I’m still smarting about having to cancel my travel plans for the Tennessee Valley Interstellar Workshop in Chattanooga, particularly since the Tau Zero Foundation was one of the sponsors of the event. But fortunately, I do have people offering to write up the workshop for Centauri Dreams, so we’ll have some coverage and photos soon. Onward…
Hunting for Biosignatures
We only have two years before the James Webb Space Telescope is scheduled to launch. Assuming all goes well, JWST should help ease us into the era of biosignature detection, as we look for the characteristic signs of living organisms in the atmospheres of their worlds. But just how definitive are such signatures? A new paper from the University of Washington digs into potential false positives and offers specifics on the signatures that could fool us.
One way to study biosignatures is by transit spectroscopy, using data gathered from starlight as it passes through a planet’s atmosphere during a transit. This allows us to analyze the features of light that flag particular atmospheric constituents. Would a strong oxygen signature necessarily indicate life? You would think so, because the oxygen in Earth’s atmosphere, O2, is unstable over geological timeframes and would gradually be depleted through reactions with volcanic gases and oxidation at the surface.
On our planet, then, oxygen needs a replenishing source, which is provided through photosynthesis as plants and algae tap sunlight for energy. But Edward Schwieterman and team argue that while abiotic oxygen will not build up to significant levels on Earth, it can certainly arise in a number of different planetary settings. That fact should give us pause.
Working under the aegis of the university’s Virtual Planet Laboratory, Schwieterman sees oxygen as a potential ‘biosignature impostor.’ The abiotic creation of oxygen, particularly around the kind of low mass stars that are likely to be our first targets for this kind of work, can happen when ultraviolet light from the star splits carbon dioxide molecules, allowing some of the oxygen atoms to form O2. We get oxygen without any requirement for biology to sustain it.
Image: New research from the University of Washington-based Virtual Planetary Laboratory will help astronomers better identify and rule out “false positives” in the ongoing search for life. Shown is an artist’s rendering of Kepler 62E, about 1,200 light-years away in the constellation Lyra. Credit: NASA
Usefully, Schwieterman’s computer models show that this process will also produce detectable amounts of carbon monoxide. Thus the presence of carbon dioxide and carbon monoxide would raise doubts about the simultaneous detection of oxygen in that planetary atmosphere. Abiotic processes rather than life might well be the agent. We can use this to our advantage:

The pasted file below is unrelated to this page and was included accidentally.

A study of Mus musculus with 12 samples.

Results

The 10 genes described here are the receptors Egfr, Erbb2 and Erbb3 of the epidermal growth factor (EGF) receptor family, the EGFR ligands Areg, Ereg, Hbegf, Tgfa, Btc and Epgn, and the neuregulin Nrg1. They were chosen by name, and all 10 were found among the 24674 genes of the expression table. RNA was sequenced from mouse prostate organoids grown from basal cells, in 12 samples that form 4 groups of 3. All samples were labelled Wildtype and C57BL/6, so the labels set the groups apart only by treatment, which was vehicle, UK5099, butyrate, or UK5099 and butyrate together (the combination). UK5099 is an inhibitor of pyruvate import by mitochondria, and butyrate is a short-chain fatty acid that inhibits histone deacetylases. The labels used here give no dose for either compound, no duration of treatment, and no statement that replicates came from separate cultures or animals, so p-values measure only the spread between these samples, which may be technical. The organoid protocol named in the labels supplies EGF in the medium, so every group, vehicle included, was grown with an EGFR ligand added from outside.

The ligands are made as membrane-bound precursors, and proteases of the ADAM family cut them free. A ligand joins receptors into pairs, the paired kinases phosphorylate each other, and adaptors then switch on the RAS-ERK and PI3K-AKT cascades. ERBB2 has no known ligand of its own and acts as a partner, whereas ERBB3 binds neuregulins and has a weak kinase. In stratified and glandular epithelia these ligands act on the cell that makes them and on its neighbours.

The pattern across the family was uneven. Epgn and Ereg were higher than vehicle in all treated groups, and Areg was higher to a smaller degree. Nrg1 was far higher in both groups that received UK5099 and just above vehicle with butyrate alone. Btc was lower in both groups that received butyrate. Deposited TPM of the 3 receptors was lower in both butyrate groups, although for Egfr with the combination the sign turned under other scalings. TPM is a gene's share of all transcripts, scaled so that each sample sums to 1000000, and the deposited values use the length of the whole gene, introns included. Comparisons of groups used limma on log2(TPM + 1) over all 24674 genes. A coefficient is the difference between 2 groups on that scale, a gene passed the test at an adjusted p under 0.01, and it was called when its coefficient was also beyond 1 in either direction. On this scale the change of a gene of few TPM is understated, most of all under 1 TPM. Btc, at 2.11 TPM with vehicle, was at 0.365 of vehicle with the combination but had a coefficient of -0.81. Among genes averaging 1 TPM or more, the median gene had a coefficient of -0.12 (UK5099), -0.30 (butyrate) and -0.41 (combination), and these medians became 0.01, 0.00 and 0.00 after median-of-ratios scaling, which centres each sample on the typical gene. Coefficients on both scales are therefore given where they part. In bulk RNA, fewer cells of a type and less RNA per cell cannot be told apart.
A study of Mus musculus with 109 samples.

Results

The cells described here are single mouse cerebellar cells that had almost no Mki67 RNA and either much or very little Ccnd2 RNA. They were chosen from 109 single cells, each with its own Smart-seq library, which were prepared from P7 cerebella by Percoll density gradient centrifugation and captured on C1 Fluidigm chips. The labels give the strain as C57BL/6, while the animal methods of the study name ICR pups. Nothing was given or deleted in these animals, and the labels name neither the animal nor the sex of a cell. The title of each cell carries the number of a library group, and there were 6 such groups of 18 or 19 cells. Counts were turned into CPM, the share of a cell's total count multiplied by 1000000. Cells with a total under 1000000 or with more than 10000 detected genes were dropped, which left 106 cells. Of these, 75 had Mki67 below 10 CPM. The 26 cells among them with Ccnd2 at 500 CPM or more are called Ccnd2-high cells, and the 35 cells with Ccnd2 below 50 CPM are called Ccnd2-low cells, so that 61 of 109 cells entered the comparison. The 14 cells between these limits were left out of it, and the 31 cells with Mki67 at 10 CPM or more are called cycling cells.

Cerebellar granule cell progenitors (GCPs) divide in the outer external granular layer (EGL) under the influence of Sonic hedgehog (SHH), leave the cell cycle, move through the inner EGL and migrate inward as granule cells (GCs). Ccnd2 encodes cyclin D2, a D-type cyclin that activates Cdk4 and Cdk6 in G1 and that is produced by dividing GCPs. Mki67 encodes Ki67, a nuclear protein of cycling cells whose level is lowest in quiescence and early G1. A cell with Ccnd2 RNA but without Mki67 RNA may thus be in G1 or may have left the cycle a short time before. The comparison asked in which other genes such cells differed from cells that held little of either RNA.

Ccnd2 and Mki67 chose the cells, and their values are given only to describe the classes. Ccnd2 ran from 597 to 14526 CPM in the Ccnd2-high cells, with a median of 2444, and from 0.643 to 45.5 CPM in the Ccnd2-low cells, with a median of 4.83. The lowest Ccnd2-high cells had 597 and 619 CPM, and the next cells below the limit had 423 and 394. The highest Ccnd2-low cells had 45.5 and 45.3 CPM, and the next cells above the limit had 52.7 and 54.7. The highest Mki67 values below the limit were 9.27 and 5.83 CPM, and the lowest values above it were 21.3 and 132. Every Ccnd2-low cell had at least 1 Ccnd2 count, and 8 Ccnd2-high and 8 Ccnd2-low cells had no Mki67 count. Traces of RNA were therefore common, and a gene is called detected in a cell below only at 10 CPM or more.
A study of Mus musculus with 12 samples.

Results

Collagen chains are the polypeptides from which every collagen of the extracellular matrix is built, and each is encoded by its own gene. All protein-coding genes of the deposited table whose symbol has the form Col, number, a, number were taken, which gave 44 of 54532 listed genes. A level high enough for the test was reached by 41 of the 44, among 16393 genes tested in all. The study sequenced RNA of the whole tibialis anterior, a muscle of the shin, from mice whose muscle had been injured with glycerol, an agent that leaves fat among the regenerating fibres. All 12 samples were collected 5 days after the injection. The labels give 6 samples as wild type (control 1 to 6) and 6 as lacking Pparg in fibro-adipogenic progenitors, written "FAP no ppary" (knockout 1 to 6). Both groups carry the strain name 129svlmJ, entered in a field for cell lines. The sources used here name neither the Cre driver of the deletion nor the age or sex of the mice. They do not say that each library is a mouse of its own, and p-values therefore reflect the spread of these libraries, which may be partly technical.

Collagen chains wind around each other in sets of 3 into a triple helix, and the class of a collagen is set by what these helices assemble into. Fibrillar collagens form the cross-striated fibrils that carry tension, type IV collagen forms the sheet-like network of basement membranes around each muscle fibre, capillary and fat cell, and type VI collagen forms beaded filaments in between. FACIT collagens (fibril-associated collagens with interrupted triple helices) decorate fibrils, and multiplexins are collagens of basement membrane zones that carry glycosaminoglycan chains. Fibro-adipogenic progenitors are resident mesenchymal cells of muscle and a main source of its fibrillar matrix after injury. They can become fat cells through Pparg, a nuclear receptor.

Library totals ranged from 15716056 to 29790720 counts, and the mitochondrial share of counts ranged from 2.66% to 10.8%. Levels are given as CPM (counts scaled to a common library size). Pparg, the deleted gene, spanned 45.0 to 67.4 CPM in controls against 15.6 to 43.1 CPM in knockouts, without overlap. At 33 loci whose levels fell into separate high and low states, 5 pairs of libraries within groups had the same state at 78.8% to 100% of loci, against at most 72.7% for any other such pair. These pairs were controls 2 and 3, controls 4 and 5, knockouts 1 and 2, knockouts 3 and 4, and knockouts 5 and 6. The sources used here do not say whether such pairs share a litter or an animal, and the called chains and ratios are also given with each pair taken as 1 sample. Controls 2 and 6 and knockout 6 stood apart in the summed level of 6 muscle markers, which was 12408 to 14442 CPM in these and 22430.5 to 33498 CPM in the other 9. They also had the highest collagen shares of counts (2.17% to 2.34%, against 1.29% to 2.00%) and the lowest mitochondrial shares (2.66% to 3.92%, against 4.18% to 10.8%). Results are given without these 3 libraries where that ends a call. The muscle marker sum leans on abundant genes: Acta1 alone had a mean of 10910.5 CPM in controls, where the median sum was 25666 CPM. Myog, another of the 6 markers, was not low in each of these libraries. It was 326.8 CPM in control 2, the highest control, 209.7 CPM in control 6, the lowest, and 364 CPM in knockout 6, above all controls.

…in the cases presented here, the spectral discriminators against abiotic O2/O3 are more detectable with a hypothetical JWST observation than the O2 or O3 signatures themselves. In our example spectra, neither O2 nor O3 would be directly detectable with just 10 transits, but the abiotic discriminators CO/CO2 and O4 could be. This provides an opportunity to maximize the utility of observing time if the ultimate goal is to characterize planets where true biosignatures are obtainable. If spectral indicators for biosignature impostors are detected with reasonable confidence, the community may wish to reallocate the remaining time to other promising targets, rather than integrate further.
The mention of O4 above is a reference to a second kind of biosignature impostor, where light from the primary star breaks down atmospheric water on the rocky planet under investigation. In this case, we get large amounts of oxygen as the hydrogen escapes, and might expect to find short-lived pairs of oxygen molecules that become O4 molecules, producing a distinctive signature of their own. A higher percentage of oxygen is produced than Earth has ever had in its atmosphere, as Schwieterman notes:
“Certain O4 features are potentially detectable in transit spectroscopy, and many more could be seen in reflected light. Seeing a large O4 signature could tip you off that this atmosphere has far too much oxygen to be biologically produced.”
Detecting this particular ‘biosignature impostor’ is best done through direct imaging, while carbon dioxide and carbon monoxide signatures are more readily identified through transit spectroscopy. The paper looks at simulations of direct imaging spectra:
This simple test case demonstrates that if the high-O2 atmospheres proposed by Luger & Barnes (2015) exist, the O4 absorption band strength in those planetary spectra would rival or exceed that of the monomer O2 bands. These spectra are qualitatively different than modern-Earth’s spectrum, even in the 0.3-1.0 µm range, with a different shape, broader O2 features, and additional features from O4. These are all signs of a much higher O2 abundance than the Earth’s atmosphere – self-regulated by negative feedbacks – has ever achieved.
Schwieterman and team believe the first potentially habitable planets whose atmospheres we study will be orbiting M-class dwarf stars, the kind of planets most likely to show both kinds of biosignature impostors discussed above. Thus we’ll be faced with the need to interpret potential biosignatures that could be confusing without these criteria. Says Schwieterman:
“The potential discovery of life beyond our solar system is of such a huge magnitude and consequence, we really need to be sure we’ve got it right — that when we interpret the light from these exoplanets we know exactly what we’re looking for, and what could fool us.”
The paper is Schwieterman et al., “Identifying Planetary Biosignature Impostors: Spectral Features of CO and O4 Resulting from Abiotic O2/O3 Production,” Astrophysical Journal Letters Vo.. 819, No. 1 (25 February 2016). Abstract / preprint. A University of Washington news release is also available.